Farmers from 10 villages near Jharkhand's capital, Ranchi, have written to the government saying if they do not get help, they will be forced to end their lives.
The letter has created quite a stir in the government, as it immediately ordered financial aid be given to these farmers. But the problem is not limited to these 10 villages as Jharkhand’s farmers stare at uncertainty amid the crisis in the wake of coronavirus outbreak.
The crops are rotting in the fields due to the lockdown. There are vegetables ready to be sold, but if they do not get to the market in time, it can cost the farmers their lives.
Plagued by lack of rain and untimely hail, the already perturbed farmers of Jharkhand now have an added concern – a 21-day lockdown.
The Quint spoke to farmers from different corners of Jharkhand to gauge their situation.
The farmers in the Lohardaga region have been troubled for months. Earlier they suffered due to the riots, and now they are suffering due to the coronavirus lockdown.
Gopal Mahato, farmer, Lohardaga district, Jharkhand said:
"“Earlier CAA / NRC riots had damaged coriander and cabbage crops. Now 25 quintals of carrot is getting spoiled due to the lockdown. I took one quintal of cauliflower to the market but there was no one to buy them. Fertilizer is needed for the next crop. I don’t know what to do? I had taken a loan of Rs 5 lakh loan for my son’s education thinking that I’d repay from what I earn from these crops. Now the banks are troubling me.”" - Gopal Mahto, farmer in Lohardaga, Jharkhand
"“There used to be half a dozen haats (market) in our block every day. Due to the lockdown, vegetables are not reaching the haats. The supply of vegetables to other districts and states too has stopped. The watermelon crop is ready, if the lockdown is not lifted on 14 April, everything will be lost.”" - Baijnath Mahato, farmer, Oramanjhi
"“Before the lockdown in Jamshedpur, 15 trucks of potatoes and 5 trucks of onions used to come daily. Now only 5 trucks of potatoes and 1 truck onion comes with great difficulty. 60 vehicles for vegetables used to come every day. About 20 trucks of vegetables used to come from Barkakana Passenger. Since the Railways have suspended trains due to lockdown, vegetables are ferried somehow in 7-8 bolero cars.”" - Raja K Shaw, Market Committee, Jamshedpur
Haladhar Mahato, farmer in Tamar block, says that after 17 March, the consumption of vegetables witnessed a drop and after 20 March, it came to a standstill. Low footfall of traders has left the farmers worried sick.
"“The primary concern among farmers is where to take vegetables from the fields? And if they manage to reach the Bundu Haat early in the morning, who will buy those vegetables? The lockdown had defined time for opening and closing of these haats. Traders wait for the closing time, when the farmers have no choice but to sell at much cheaper rates.”" - Ranjit Modak, Farmer in Bundu
What Is The Government Doing?
We spoke to the officers about the plight of farmers. But the interaction concluded that the entire focus is on dealing with the coronavirus pandemic and the woes of the farmers is not in their priority.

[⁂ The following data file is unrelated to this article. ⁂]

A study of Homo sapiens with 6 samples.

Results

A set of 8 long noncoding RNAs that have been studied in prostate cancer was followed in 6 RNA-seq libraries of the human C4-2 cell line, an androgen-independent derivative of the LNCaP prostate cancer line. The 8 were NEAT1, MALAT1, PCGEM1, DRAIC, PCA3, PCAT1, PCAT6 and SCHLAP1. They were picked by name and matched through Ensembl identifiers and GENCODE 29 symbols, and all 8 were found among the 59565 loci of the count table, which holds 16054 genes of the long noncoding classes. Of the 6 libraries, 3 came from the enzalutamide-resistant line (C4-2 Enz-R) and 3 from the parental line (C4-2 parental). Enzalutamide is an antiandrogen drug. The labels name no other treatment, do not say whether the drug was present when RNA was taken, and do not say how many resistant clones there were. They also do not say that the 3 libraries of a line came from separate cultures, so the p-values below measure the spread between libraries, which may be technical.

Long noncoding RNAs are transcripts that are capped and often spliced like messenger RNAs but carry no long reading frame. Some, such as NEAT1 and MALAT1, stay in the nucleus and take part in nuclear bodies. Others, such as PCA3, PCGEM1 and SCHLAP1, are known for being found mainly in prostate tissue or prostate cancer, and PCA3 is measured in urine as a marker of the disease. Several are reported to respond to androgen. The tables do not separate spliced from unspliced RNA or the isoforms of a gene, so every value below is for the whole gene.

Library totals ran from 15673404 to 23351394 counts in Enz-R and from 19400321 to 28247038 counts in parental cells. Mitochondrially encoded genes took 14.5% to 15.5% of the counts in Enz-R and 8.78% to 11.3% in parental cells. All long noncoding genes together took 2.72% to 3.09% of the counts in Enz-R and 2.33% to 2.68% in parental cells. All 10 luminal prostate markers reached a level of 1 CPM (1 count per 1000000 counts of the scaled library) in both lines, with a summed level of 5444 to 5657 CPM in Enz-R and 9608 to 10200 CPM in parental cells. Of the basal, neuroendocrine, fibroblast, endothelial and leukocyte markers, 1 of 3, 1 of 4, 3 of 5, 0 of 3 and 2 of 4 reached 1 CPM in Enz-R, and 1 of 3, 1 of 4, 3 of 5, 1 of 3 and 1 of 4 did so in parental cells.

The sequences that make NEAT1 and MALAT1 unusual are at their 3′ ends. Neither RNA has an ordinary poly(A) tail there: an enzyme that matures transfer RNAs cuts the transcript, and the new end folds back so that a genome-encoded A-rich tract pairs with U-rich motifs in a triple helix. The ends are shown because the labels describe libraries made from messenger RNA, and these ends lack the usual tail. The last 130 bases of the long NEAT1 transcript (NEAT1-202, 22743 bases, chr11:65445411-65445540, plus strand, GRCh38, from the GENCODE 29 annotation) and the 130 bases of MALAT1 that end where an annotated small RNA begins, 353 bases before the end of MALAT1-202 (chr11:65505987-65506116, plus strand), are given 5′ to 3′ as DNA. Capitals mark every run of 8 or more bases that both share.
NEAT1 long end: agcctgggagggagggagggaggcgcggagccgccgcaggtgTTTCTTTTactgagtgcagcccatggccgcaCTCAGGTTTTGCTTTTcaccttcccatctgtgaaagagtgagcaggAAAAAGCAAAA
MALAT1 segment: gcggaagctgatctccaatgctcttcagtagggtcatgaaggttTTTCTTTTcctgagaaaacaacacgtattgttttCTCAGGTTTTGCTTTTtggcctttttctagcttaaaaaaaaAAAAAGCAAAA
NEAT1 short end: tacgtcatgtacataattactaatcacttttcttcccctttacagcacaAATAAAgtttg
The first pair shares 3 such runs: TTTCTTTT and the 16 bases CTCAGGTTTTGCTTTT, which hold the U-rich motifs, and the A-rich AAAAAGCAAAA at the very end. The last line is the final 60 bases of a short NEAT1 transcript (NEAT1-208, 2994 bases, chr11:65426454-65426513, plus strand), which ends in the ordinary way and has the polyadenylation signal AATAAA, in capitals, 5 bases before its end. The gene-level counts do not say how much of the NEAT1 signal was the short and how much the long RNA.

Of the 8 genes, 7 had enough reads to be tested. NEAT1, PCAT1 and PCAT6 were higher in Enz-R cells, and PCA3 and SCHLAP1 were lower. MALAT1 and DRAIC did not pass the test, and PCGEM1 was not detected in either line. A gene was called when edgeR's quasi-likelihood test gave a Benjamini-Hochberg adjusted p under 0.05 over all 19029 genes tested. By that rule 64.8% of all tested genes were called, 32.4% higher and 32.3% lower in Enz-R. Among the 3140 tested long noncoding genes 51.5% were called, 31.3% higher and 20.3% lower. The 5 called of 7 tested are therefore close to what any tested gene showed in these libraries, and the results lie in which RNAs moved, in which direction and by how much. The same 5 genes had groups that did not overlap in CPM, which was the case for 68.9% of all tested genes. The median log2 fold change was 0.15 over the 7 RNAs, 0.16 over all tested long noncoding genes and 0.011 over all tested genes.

"“Coronavirus is the biggest problem ahead of us and saving lives is most important. Still we have provided help to small scale farmers. Big farmers can suffer losses for 10 to 20 days. Some haats are being opened. There is cold storage too. We will give a permit to take the watermelon out.”" - Ashok Sinha, District Agricultural Officer, Ranchi
The Quint contacted Rajiv Kumar, Special Secretary, Rural Development Department, Jharkhand, to know the situation of farmers.
He answered saying he is working on the awareness programme for coronavirus while focusing on livelihood, women and children.
This is the situation when Rajiv Kumar is the Director of organic farming. He is also in charge of marketing. Organic farming comes under the Department of Agriculture. Thousands of farmers of Jharkhand are registered under this.
What Is The Solution?
Farming experts in the state say that the farming community in Jharkhand is already upset. Lack of irrigation, lack of rain, middlemen and now lockdown have added insult to injury.
"“Every month, vegetable business worth Rs 160 crore took place in Jharkhand. Earlier hailstorm, lack of rain deteriorated the agricultural situation and now the lockdown is adding to their woes. The government too has failed to deliver their promises’ which is a reason for farmers’ distress. Today, if there were cold storages as the government had promised, the vegetables would have been saved.”" - Prafull Linda, Farmers Federation
Anand Kothari, president of the Jharkhand Agro Chamber, says that "17.84 lakh farmers in Jharkhand have taken a loan of Rs 7,061 crore. According to this, on an average, each farmer owes Rs 39,580. The government has made a provision of only Rs 2000 crores for the loan waiver in the budget. Currently, it is important that there is a debt waiver for farmers."
(This story was first published on The Quint Hindi.)